According to Martin Sullivan in the 10/6/08 Tax Notes, the budget deficit for 2009 could end up as high as $914 billion, or 6.2% of GDP, both of which would be all-time national records. This would reflect scoring the financial rescue plan on what seems the correct basis, if it can be done sufficiently accurately, which is to treat only the excess of outlays over the estimated present value of future receipts as a write-off.
Some time back I posted seemingly dire GAO estimates of rising budget deficits and public debt. Under those estimates, the deficit would not reach this level, relative to GDP, until the mid-2020s. So much for that.
True, this is a temporary phenomenon, reflecting both special outlays related to the financial meltdown and the counter-cyclical effects of a recession that, while it may be long-lasting, is merely part of the overall business cycle. In other words, it's reasonable to assume that annual deficits will decline again in a few years and only start rising again when baby boom retirement and the entitlements explosion really takes off.
Still, this is a huge hit on the amount of cushion that we have if we delay dealing with the long-term fiscal gap. Especially when one keeps in mind that there seem to be frequent adverse shocks. E.g., 9/11 followed by the Afghanistan and Iraq wars was one, and now this is another. While reasonable long-term forecasts won't treat a given adverse shock the same as a permanent change in tax and spending levels, they also shouldn't assume that there aren't going to be any more adverse shocks.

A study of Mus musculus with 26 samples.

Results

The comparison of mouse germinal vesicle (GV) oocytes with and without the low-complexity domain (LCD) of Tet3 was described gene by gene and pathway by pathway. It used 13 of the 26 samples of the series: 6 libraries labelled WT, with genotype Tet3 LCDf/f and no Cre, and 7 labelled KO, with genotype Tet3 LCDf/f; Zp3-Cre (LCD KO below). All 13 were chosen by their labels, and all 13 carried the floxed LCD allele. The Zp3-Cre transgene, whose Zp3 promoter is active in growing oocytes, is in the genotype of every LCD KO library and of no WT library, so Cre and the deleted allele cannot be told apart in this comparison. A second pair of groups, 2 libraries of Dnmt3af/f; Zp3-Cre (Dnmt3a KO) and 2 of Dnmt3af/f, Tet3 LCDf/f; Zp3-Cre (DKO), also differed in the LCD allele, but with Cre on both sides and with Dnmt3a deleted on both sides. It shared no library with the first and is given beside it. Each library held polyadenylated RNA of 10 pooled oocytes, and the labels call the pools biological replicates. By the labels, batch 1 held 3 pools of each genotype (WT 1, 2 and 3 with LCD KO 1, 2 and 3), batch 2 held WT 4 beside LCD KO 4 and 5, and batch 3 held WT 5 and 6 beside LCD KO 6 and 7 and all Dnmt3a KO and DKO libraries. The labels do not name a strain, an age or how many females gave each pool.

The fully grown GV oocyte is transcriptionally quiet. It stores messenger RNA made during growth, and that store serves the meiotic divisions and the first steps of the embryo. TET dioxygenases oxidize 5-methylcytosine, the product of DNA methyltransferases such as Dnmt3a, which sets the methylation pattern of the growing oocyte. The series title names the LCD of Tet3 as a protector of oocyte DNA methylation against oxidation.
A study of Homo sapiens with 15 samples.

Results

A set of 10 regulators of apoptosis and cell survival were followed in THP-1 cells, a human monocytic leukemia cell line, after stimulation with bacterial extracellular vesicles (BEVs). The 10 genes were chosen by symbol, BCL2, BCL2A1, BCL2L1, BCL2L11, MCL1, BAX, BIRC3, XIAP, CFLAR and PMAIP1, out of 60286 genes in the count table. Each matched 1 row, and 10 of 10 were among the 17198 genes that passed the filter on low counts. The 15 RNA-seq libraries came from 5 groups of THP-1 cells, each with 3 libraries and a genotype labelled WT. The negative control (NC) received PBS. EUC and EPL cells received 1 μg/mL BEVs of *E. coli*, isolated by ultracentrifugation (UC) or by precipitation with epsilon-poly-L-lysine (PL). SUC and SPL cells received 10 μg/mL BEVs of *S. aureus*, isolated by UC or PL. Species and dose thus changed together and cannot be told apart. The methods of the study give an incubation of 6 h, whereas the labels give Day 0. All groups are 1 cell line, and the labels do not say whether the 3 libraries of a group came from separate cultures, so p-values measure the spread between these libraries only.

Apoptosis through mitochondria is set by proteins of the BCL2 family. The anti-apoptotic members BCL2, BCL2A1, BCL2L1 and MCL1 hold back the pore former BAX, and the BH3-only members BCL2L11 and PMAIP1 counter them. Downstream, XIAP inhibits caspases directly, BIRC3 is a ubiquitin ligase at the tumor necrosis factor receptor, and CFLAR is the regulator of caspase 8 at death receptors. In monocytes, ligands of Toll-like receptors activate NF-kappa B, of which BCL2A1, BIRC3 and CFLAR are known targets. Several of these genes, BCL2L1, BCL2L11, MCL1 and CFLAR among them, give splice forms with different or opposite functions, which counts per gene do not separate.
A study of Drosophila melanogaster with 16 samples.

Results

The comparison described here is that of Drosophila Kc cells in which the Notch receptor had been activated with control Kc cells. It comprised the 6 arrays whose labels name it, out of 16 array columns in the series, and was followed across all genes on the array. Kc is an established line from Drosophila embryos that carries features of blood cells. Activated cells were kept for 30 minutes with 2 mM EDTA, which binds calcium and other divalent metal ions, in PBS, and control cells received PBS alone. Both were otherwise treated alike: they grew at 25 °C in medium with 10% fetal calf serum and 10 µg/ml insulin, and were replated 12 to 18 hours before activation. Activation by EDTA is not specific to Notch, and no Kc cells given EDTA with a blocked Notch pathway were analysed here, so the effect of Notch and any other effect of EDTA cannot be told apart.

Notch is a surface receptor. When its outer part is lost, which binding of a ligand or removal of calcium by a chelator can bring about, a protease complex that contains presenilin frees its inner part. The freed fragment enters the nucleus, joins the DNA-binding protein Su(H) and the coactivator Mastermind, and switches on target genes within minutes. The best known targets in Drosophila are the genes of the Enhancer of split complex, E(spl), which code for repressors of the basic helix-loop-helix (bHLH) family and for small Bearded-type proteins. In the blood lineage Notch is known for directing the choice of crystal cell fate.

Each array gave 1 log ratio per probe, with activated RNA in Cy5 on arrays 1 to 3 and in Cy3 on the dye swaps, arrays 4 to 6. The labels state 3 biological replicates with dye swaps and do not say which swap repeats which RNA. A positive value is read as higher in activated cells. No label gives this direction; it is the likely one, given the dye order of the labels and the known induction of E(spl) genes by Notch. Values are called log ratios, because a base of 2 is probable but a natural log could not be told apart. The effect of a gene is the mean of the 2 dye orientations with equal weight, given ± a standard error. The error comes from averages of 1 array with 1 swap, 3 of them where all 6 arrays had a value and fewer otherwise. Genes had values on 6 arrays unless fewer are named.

Yes, there are occasionally favorable shocks as well (e.g., the totally unanticipated revenue surge of the late 1990s, from some mix of real economic growth and the Internet, etc. bubble). But I'm putting my chips on a predominance of adverse shocks in the years ahead.
To put it all in perspective, if we manage to contain the current financial crisis it will be by virtue of using some of the fiscal cushion that we still have to buy ourselves out of trouble. But given everything else that is happening and not happening in Washington and the economy, this merely brings the fiscal crisis closer. That one, when and if it comes, will make the financial crisis look like a Sunday school picnic, and by definition we won't be able to buy our way out of it.